A recent paper in the scientific journal ‘Plants’ analyses the current collaboration between genebanks in Europe. The paper was jointly written by the head of the CGN plant genebank, the secretary of the European Cooperative Programme for Plant Genetic Resources (ECPGR) and the former coordinator of the virtual European genebank initiative (AEGIS). This self-reflection resulted in a detailed paper with clear conclusions.
Collaboration in Europe
The European Cooperative Programme for Plant Genetic Resources (ECPGR), an umbrella organisation of European countries in the field of Plant Genetic Resources, has developed many valuable joint activities amongst European genebanks in the past four decades. However, this has not resulted in a substantially increased collaboration.
To improve this situation, AEGIS (short for: ‘A European Genebank Integrated System’) was established in 2004. AEGIS is an ECPGR initiative aiming to efficiently conserve and provide access to unique germplasm in Europe. It is a virtual genebank that administers ‘the European Collection’, consisting of accessions that are managed by AEGIS’ members (genebanks), who organise and cover the costs of the long term conservation and distribution of these accessions. Material in AEGIS is supposed to be managed in accordance with agreed quality standards, and should be freely available in accordance with the terms and conditions set out in the International Treaty on Plant Genetic Resources for Food and Agriculture.
In order to analyse and evaluate the collaboration, Theo van Hintum, the head of the CGN plant genebank, Lorenzo Maggioni, the secretary of the European Cooperative Programme for Plant Genetic Resources (ECPGR), and Johannes Engels, the former coordinator of AEGIS, wrote the recently published article ‘AEGIS, the virtual European genebank: why it is such a good idea, why it is not working and how it could be improved’. The paper describes the history of the conservation of plant genetic resources (PGR) in Europe and why collaboration between genebanks has not improved significantly since the establishment of ECPGR. The authors observe that (1) often plant genetic resources are duplicated in many collections, while other important material is missing, (2) access to the materials, if there is access at all, is often restricted to a small group of people such as colleagues in the institute, partners of a project or members of a restricted network, and most importantly, (3) the quality of the conservation methodologies and of the conserved material is unclear and possibly often very low.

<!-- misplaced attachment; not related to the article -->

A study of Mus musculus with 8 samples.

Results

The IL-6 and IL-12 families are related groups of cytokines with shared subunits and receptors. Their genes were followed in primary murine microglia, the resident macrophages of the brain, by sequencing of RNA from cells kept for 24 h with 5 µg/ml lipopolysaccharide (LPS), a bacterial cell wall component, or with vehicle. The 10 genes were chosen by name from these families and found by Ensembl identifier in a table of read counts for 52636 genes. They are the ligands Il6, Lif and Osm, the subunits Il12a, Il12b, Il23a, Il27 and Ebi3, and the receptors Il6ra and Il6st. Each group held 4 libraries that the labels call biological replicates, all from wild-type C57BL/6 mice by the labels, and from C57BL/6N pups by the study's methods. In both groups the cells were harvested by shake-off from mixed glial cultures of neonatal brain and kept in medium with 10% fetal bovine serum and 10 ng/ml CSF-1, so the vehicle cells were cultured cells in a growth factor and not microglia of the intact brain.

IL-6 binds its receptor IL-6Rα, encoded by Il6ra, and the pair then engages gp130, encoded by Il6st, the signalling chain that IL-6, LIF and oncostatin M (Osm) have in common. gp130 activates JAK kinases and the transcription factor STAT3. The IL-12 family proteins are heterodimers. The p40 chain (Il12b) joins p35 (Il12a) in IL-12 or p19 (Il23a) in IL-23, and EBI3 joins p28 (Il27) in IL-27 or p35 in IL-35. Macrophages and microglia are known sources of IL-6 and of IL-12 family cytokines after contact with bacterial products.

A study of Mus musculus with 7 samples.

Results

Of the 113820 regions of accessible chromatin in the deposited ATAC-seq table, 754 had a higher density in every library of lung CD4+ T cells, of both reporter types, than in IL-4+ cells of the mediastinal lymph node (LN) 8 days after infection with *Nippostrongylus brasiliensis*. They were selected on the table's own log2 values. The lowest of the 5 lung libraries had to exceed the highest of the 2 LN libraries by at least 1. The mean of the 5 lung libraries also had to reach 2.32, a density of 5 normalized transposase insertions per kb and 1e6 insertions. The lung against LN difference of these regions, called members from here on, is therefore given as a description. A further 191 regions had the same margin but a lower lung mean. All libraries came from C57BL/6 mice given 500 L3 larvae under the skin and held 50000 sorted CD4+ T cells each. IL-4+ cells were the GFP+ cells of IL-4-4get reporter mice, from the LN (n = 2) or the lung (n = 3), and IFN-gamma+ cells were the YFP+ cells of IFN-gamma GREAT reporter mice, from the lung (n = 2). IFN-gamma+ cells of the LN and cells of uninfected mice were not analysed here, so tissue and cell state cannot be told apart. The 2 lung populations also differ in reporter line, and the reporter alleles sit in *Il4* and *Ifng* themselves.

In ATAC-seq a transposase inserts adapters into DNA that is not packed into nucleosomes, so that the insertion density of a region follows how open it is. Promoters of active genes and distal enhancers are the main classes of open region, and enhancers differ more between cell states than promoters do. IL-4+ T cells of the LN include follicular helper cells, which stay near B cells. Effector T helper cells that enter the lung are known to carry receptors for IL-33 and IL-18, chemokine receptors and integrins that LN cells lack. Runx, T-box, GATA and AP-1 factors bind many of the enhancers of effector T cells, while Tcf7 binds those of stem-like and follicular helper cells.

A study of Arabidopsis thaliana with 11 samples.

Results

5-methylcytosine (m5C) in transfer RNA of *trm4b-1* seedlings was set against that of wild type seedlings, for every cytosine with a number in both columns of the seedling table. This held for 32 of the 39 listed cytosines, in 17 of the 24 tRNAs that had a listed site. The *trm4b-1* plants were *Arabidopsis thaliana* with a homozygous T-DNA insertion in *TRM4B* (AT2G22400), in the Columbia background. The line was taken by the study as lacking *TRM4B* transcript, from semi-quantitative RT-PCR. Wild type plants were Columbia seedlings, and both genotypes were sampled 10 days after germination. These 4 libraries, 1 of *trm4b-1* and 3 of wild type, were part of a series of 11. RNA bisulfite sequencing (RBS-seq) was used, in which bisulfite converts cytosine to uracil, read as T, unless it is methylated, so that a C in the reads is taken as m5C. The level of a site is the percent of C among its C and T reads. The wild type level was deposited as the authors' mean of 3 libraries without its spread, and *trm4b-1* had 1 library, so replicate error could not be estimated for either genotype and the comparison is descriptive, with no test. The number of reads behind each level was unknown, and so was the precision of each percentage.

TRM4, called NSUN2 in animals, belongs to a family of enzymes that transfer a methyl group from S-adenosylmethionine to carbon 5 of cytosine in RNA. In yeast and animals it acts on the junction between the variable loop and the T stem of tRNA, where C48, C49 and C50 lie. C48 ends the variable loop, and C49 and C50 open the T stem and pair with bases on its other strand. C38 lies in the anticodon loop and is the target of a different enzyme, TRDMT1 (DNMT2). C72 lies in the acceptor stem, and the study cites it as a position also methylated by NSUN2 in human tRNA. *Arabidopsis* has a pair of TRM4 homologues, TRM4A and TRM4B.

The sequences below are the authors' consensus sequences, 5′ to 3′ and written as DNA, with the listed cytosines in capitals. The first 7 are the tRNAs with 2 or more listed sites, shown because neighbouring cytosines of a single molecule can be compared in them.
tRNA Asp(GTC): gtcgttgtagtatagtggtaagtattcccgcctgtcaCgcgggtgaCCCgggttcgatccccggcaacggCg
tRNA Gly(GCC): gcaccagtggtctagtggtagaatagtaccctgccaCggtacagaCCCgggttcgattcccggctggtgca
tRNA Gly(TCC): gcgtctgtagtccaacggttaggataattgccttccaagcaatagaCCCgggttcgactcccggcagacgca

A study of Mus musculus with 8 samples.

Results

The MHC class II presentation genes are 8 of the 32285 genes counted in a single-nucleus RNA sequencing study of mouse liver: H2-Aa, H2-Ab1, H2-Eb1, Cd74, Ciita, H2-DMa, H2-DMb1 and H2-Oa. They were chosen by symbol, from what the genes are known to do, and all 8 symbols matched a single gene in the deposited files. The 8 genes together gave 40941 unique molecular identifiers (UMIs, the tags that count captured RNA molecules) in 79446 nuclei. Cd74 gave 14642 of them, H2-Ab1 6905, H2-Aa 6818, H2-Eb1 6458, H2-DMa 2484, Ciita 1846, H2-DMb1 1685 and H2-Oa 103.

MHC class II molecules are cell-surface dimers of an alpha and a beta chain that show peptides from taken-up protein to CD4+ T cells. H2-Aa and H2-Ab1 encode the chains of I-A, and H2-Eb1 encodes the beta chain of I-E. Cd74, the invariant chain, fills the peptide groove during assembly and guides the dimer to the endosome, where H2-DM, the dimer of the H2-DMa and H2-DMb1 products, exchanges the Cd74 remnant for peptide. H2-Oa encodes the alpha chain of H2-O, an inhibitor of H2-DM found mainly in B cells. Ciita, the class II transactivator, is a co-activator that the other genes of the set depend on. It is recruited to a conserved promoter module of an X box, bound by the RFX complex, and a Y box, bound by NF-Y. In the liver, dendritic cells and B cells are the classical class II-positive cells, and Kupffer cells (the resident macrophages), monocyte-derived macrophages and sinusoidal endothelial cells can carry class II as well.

Why AEGIS doesn’t work
The authors observe that AEGIS, so far, is not successful. Too little material has been included in this virtual genebank: 65,267 accessions, which is only 3.2% of the material registered in EURISCO, the European database for genebank material. This is mainly because there are no proper incentives for including material in AEGIS and genebanks appear reluctant to commit themselves to the required quality standards without such incentives. Also, the quality of and access to the included material is not assured, as there is no mechanism that verifies compliance to the quality standards.
How it could be improved
Genebanks cannot and will not rely on each other if they cannot be sure about the quality and continuity of the collections managed by their colleague genebanks. Therefore the need is stressed for introducing a quality system in which genebanks could become AEGIS-certified. The result of such a system would be that AEGIS-certified genebanks qualify themselves for support at national and regional levels, as they should be reliable contributors to conserving genetic resources. Institutions that want to become AEGIS-certified genebanks, but do not meet the requirements yet, should be supported by ECPGR and other donors to reach this goal by capacity building, staff exchanges, support for setting up the required facilities, etc.
Continuity of the collections could be realised by creating an ‘open backup system’. Safety backup is a standard activity for all well-functioning genebanks; they send samples of their material to a colleague genebank and to the Svalbard Global Seed Vault. However, currently that is done in black-box constructions in which only the donor of the material has access to it. The authors propose a slight alteration of this procedure, by agreeing that the accessions in the back-up genebank can be used for inclusion in another AEGIS-genebank collection in the undesirable event that the original holding genebank can no longer provide access to these accessions.
The authors conclude that the European genebank community clearly has the desire to professionalize and collaborate. By creating the proper incentives and establishing the proper infrastructure supported by funding agencies and policy makers, the authors believe that an effective system of collaborating genebanks can be created in Europe.